Eurozone Crisis: An Endgame Scenario
“Whatever it takes” are the three words that investors are clinging to in the hope that it preserves the beleaguered euro. The vow, which came...
“Whatever it takes” are the three words that investors are clinging to in the hope that it preserves the beleaguered euro.
The vow, which came from Mario Draghi last week, head of the European Central Bank (ECB), was widely interpreted as a promise to intervene in the sovereign bond markets. Markets have since rebounded on Draghi’s tough-talking and borrowing costs for struggling southern European nations Italy and Spain have been pushed down.
However, there is no detail, yet, behind the rhetoric—tomorrow’s ECB policy-making meeting may shed some new light on that—but some market participants think that three other words that Draghi used last week may actually come to mean more. The ECB chief also mentioned that he can only act “within our mandate”, which is at present very limited and precisely how the German Bundesbank, its central bank, which remains opposed to bond buying by the ECB, intends to keep it.
“There has been a relief rally in equities after Draghi told the markets ‘whatever it takes’,” Nicola Marinelli, portfolio manager at Glendevon King Asset Management, a fixed income boutique based in London, told Markets Media.
“But three other words he said—‘within our mandate’— are probably more important. It seems that markets just want to focus on the good news as everyone wants to be happy for the vacation. No-one has really talked about who is going to pay or if they are going to give the ESM [European Stability Mechanism] a banking license. All the details are missing.”
If the ESM, the euro region’s planned rescue fund, gets a banking license, it could effectively buy Spanish and Italian bonds “on margin” because the ESM could tap the ECB’s unlimited lending facilities. The ESM, at present, has a cap of €500 billion on total debt purchases but would need, among other things, Germany’s approval to change this.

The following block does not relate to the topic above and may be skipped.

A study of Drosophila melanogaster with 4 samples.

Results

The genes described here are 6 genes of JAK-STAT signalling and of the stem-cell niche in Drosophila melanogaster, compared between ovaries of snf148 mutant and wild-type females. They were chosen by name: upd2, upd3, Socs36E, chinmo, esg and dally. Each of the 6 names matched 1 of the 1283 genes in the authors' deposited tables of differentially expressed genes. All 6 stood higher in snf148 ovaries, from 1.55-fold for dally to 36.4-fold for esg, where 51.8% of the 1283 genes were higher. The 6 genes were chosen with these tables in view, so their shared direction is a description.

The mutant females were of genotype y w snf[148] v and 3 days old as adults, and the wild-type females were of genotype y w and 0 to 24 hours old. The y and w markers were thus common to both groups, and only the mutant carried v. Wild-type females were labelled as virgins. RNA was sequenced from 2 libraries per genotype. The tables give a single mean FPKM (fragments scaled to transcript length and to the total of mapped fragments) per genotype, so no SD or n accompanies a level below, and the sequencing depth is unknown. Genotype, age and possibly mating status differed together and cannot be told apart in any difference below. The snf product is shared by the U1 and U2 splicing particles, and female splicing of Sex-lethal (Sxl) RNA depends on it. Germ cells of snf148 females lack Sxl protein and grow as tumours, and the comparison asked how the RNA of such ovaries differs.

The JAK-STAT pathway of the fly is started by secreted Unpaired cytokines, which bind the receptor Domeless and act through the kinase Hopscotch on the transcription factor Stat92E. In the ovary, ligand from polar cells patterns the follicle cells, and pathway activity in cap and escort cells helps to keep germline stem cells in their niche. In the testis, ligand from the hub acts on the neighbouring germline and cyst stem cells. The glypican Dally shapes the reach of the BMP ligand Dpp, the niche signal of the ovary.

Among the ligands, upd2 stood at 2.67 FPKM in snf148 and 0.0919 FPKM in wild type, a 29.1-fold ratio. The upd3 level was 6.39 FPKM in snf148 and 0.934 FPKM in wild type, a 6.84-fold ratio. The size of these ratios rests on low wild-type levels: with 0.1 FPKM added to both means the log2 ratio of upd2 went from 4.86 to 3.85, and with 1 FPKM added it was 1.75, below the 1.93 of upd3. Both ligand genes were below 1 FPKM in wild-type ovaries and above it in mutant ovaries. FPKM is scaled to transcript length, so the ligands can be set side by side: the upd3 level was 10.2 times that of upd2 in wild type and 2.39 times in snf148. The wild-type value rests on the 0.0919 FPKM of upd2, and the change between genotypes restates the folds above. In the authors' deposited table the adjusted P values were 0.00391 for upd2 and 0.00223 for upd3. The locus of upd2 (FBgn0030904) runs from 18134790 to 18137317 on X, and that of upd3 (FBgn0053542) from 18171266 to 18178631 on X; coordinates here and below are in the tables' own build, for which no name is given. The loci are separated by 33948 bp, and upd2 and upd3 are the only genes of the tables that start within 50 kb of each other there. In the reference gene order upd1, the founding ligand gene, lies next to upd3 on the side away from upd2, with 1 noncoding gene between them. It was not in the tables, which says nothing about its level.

Germany, though, does not want to take on the extra liabilities of bond-buying, especially via the ECB, without greater control over other nations’ budgets.
“In the past, all crises in Europe have always been solved by more union, not less,” Yannick Naud, portfolio manager at Glendevon King Asset Management, told Markets Media. “Now there is quite weak leadership across Europe and people are much less in favor of the project. So to go from here into more cohesion is mighty difficult. It will have to be imposed by political leadership—I can’t see it coming.”
With Spain on the brink of needing a rescue, which may bleed dry the eurozone’s rescue fund, and Italy, which is €1.2 trillion in debt, potentially next, it appears that the crisis— despite the rhetoric of the leaders of Germany, France and Italy this week saying that they will protect the euro—could merely be entering a new, and potentially worse, stage. In Greece, for instance, a second default on private bondholders is expected.
“Certainly things in Europe are very bad but things are also bad in the U.S. and, of course, China is slowing down,” said Marinelli. “The problems in Europe are not helped by the structural problems in the euro project, something that was well known before it started. You can’t have a monetary union without a fiscal union and the only real fix—political and fiscal union—is not likely to happen.
Naud added: “I don’t know what exactly will play out but we will have an exit of Greece within a year. I am pretty sure of that. And before or after that, or the consequences from that, there will be another country that will exit or want to exit. Either someone like Portugal will exit the euro to have a cheaper currency for its country to export, through competitive devaluation, which Greece will likely have. Or, on the other side of scale, other countries that think they are strong enough and don’t see any benefit of being part of the euro will leave. So some may leave from the top and the bottom. It’s not good for business. And we think, on top of that, at least in 2013, there will still be a recession in France. It’s not going to be good for risky assets, that’s for sure.”